In recent weeks we have talked about the strategies available to help purchase a first home, and then about starting to build wealth by saving to buy investments that will grow. Now we can discuss further wealth building. 

Controlling household spending in very important. Budgeting is boring but beneficial. Try to economise without penny pinching. Form the habit of planning and monitoring where the money goes.

Pay the home loan payments promptly, preferably with a little extra each time. Most people have to take on car and personal loans and credit card debt sometimes. Limit their size and look for the lowest interest rates.

Even so, their rates are higher, so pay any extra income available off them. Cars and household goods depreciate. Borrowing is best done to buy appreciating assets.

Save a little each payday into a separate bank account by automatic transfer. Then take on some risk. Borrow to buy managed funds, shares or an investment property, assets that will grow in value.

Continue those strategies for a couple of decades, the wealth building years. Keep seeking shares that will increase in value. Look for an investment property that can be repaired, upgraded or extended to boost its value. Learn from the first venture, sell it, and buy another. 

By the time people reach their fifties the mortgage should be coming well down. Hopefully there have been promotions and pay rises. There aren’t small children to raise anymore, and no school fees to pay. There should be healthy cash surpluses.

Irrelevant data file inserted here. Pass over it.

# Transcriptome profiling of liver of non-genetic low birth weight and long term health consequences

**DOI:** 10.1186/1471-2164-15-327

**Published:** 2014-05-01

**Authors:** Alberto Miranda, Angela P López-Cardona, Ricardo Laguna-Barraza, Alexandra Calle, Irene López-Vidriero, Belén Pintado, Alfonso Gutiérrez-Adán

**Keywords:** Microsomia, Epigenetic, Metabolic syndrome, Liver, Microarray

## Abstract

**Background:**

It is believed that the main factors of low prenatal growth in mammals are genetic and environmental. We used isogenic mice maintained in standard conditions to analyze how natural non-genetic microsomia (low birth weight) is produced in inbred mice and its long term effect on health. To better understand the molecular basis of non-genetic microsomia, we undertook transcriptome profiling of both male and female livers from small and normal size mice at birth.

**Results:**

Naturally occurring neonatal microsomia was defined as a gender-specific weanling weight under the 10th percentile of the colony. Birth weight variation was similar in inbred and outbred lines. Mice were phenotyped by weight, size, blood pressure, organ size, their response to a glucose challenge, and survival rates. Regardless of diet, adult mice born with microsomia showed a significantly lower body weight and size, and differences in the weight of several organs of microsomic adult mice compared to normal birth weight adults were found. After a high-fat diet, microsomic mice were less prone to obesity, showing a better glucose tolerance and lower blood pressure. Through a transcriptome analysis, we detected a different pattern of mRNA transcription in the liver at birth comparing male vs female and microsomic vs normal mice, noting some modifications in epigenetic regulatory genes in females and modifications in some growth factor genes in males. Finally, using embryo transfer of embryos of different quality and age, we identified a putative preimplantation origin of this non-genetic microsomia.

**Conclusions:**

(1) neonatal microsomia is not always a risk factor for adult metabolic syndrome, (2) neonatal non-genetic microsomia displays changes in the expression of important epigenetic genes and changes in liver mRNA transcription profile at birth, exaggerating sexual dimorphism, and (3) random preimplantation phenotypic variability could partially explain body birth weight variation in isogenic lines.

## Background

How is best to make the most of them?  Keep paying extra to finalise the home loan. Continue saving, accumulating, and buying shares and funds.

Other strategies start to become important once workers are into the second half of their careers. Superannuation is one. Young people aren’t attracted to it because it isn’t accessible. Access starts from age 60.

So at age 30 it’s too far away and there are other priorities. By age 50 or 55 access is no longer so distant, and super offers outstanding tax savings.

Sacrificing pre-tax salary into super saves the majority of workers 19.5 per cent tax. Money going into super is taxed only 15 per cent while salary taken as cash is typically taxed 34.5 per cent. For higher income earners the tax saving is greater.

Super contributions are limited to $27,500 annually, including employer amounts. People whose balances are under $500,000 can do catch-up contributions, claiming greater tax savings.

Following a plan can enable people to arrive at retirement with no mortgage, a healthy superannuation balance, and other investments.